Telstra have been marketing their new 4G network like it’s the greatest thing since sliced bread, and to some of us it really is. 4G brings a whole new level of wireless data speeds — we’ve seen up to and beyond 35Mbps down and 15Mbps up. While Telstra have been selling 4G modems for a few months now, they’ve only recently announced this, the HTC Velocity 4G, as their first 4G smartphone available to consumers. It’s also important to us, because it runs our favourite OS, Android.
The Velocity 4G doesn’t really push the envelope in regards to specs, because it doesn’t need to, it just needs to have 4G. The 4.5-inch qHD (that’s 960×540) display, 1.5GHz dual-core CPU and 8MP camera are all nice inclusions to the Velocity, but there’s nothing amazing about them. What does matter is the inclusion of that 4G modem along with a dual-channel 3G modem which allows you to download over 3G at around twice the normal speed — we saw 15Mbps down and 3Mbps up regularly. The downsize (at least for now) is the chunkiness of the device to house that 4G LTE modem and the battery to power it.
- 4G — I mean, really.
- Suprisingly clear and crisp display with great colour production
- Great voice call quality (thanks to Telstra’s HD Voice)
- Battery life is sucked away when using 4G
- Quite a heavy device to hold
- Sense UI & still running Gingerbread
The first thing I saw that I liked about the Velocity 4G is its design, it seems to part ways with HTC’s traditional curved design for a more squared off look & feel. I was also very impressed with the display — it may only be qHD but text is really crisp and colours are really vibrant. It’s no Super AMOLED Plus, but it certainly isn’t shabby by any means.
The inclusion of that dual-channel 3G modem is probably the best part (if only surpassed by the 4G modem) of the Velocity 4G. It basically allows you to transfer double the normal 3G data speeds which means more data can be transferred quicker. My Galaxy S II normally scores around 7Mbps / 1Mbps, whereas the Velocity 4G was regularly hitting 15Mbps / 3Mbps. So even if you don’t live in a 4G capable area (5KM from CDBs and major regional areas) you can still get relatively fast speeds.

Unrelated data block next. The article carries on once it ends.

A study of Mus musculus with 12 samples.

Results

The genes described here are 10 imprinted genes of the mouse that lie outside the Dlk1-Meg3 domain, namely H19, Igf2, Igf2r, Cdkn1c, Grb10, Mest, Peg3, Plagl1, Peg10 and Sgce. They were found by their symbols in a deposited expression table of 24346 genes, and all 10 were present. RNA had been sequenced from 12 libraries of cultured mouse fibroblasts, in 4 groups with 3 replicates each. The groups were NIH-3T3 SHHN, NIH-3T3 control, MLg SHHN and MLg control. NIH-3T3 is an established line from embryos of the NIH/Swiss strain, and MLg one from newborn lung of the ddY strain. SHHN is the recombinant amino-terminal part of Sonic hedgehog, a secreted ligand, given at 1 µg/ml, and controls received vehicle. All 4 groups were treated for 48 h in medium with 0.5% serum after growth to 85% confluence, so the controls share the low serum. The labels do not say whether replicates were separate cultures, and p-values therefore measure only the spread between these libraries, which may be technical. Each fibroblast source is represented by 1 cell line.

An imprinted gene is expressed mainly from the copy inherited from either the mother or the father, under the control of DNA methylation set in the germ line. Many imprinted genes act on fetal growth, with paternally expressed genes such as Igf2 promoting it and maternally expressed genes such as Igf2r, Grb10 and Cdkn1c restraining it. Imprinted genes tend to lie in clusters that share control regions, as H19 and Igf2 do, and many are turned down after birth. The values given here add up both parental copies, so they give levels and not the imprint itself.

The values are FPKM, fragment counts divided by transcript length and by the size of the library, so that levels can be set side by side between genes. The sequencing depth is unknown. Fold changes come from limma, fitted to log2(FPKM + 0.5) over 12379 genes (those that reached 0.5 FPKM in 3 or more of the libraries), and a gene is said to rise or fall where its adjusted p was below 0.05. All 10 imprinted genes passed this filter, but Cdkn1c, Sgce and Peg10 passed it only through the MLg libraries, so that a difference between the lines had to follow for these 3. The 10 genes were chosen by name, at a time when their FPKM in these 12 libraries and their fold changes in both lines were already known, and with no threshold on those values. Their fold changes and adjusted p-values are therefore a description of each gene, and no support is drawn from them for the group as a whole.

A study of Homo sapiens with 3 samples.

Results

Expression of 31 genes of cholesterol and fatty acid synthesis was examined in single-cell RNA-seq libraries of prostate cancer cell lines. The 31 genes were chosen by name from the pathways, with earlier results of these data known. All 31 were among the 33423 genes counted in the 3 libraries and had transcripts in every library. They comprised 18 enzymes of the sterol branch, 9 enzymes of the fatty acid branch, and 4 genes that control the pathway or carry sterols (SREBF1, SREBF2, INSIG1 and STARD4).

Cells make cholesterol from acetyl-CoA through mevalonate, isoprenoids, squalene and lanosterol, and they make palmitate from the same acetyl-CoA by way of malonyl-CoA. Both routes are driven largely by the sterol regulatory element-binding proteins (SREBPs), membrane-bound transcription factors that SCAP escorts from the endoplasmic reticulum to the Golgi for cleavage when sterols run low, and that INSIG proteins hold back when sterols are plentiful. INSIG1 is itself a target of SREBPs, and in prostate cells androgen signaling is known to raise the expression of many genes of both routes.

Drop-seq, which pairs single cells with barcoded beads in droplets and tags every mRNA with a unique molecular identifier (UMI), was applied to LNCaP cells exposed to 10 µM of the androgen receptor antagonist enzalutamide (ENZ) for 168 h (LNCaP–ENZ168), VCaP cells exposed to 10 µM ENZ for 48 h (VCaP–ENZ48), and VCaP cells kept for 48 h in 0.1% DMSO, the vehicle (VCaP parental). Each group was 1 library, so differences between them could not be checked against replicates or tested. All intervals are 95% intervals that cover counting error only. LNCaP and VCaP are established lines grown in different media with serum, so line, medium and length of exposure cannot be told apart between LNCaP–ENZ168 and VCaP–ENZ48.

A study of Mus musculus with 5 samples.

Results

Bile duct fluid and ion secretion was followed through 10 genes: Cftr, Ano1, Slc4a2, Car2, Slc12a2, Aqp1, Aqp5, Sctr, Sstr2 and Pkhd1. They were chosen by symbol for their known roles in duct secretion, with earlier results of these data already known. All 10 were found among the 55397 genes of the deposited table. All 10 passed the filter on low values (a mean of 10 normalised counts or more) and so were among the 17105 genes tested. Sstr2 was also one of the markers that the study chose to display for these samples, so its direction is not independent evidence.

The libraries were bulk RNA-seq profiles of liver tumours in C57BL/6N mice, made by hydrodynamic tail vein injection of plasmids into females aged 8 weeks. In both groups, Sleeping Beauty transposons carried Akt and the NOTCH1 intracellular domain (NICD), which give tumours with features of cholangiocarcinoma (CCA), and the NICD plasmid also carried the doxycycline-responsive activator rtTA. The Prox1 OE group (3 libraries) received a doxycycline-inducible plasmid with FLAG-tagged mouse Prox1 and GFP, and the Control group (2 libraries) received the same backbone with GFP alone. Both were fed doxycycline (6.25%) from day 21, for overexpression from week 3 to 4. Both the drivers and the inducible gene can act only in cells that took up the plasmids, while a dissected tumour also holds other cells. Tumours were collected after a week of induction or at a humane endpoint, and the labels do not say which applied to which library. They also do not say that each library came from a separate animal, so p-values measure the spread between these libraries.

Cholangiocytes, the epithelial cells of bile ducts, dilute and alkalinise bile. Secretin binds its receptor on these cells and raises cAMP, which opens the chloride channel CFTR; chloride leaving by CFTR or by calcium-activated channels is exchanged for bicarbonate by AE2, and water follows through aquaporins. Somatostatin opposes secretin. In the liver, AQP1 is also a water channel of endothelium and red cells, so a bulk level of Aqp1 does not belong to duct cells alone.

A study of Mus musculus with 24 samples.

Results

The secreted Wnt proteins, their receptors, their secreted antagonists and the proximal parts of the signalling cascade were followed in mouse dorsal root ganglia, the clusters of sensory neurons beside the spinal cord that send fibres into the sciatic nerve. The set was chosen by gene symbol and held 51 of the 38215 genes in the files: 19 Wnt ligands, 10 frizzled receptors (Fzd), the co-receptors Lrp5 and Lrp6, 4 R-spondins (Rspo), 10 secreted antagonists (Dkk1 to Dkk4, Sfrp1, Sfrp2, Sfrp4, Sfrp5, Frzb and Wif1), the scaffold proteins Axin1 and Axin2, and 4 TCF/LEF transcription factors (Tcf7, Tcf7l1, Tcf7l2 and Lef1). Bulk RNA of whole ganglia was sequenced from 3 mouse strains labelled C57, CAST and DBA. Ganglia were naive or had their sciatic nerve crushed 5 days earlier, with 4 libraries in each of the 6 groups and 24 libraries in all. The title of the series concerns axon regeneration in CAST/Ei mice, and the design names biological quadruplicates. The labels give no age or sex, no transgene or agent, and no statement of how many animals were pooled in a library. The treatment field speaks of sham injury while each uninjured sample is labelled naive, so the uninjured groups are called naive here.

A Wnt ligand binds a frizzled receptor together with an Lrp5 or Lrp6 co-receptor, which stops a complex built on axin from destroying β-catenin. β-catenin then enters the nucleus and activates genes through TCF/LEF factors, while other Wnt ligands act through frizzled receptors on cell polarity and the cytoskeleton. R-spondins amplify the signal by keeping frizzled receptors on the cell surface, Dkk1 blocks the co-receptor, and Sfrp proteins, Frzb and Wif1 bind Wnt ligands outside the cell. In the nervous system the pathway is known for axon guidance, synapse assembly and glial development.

4G speeds are phenomenal, at least in comparison to what we’ve been used to with 3G for so long. We tested the device in both Melbourne and Brisbane and found speeds were hovering around 20mbps / 8Mbps with really low pings <30ms. Speaker quality is far better than that of the Galaxy Nexus and call quality is also great, especially when you're calling someone else who has a HD Voice capable device. The 8MP and 1.3MP cameras aren't mind-blowing, but when it comes to smartphone cameras, nothing is. You're going to shoot good photos in well lit areas and semi-noisy ones in low-light areas, even with the LED flashing away. 1080p video recording is also pretty good, with noise fairly low and shaking kept at a minimum.
To put it bluntly: battery life is horrid when you’re using 4G for any prolonged period of time. Currently there’s very little that can be done about this because the technology is fairly limited, however, progress is being made to make these power-hungry 4G modems more battery friendly. But when you think that HTC only put a 1620mAh battery in the Velocity 4G, you would think they would have put a little more thought into it.
We also found that the device can get quite warm when using 3G or 4G and extensively using the CPU. While it wasn’t hot enough to not hold onto it any more, it got hot enough for us to really notice it and hold it away from the warm area.
For some reason HTC have decided to make the Velocity 4G quite heavy to hold (at 164g), especially in comparison to lighter high-end devices such as the Galaxy S II (116g) and the Galaxy Nexus (135g), both from Samsung.
The last obvious thing we didn’t like is that HTC insisted on slapping Sense UI atop the previous generation of Android 2.3 Gingerbread. There are certain aspects of Sense UI that even I love, but when it’s also wanting to take the battery out on a date and then leave it high & dry., you tend to get sick of it. To Telstra and HTC’s credit, they are already testing Ice Cream Sandwich (Android 4.0.3) for the Velocity 4G and it’s meant to be the first HTC device on Telstra to be updated.
This video was shot by German tech site. I lost our video + images. Apologies. [nggallery id=117]
These photos were taken by Raus B. (via Picasa)
The HTC Velocity 4G is available exclusively from Telstra. $0 upfront starts at $69/mo.
Be sure to check Telstra’s 4G coverage maps before you jump in.
ConclusionThe HTC Velocity 4G isn’t setting any new specs benchmarks, but it will provide you with much faster wireless data speeds if that’s what you’re after. If you live in a rural area where 4G is nowhere to be found and 3G isn’t all that fast, then I certainly don’t recommend this device for you — try something with better battery life!
However, if you’re a city slicker who wants to watch high quality video and listen to streaming music without a hitch, then this is right up your alley, as long as you have your charger within reaching distance when you’re pumping down data via the 4G freeway. You won’t be disappointed.
NB: This is our first review using the new layout (we hope you like it!). More things will be added in future reviews such as spec comparisons to current, similar devices as well as other ideas you guys put forward.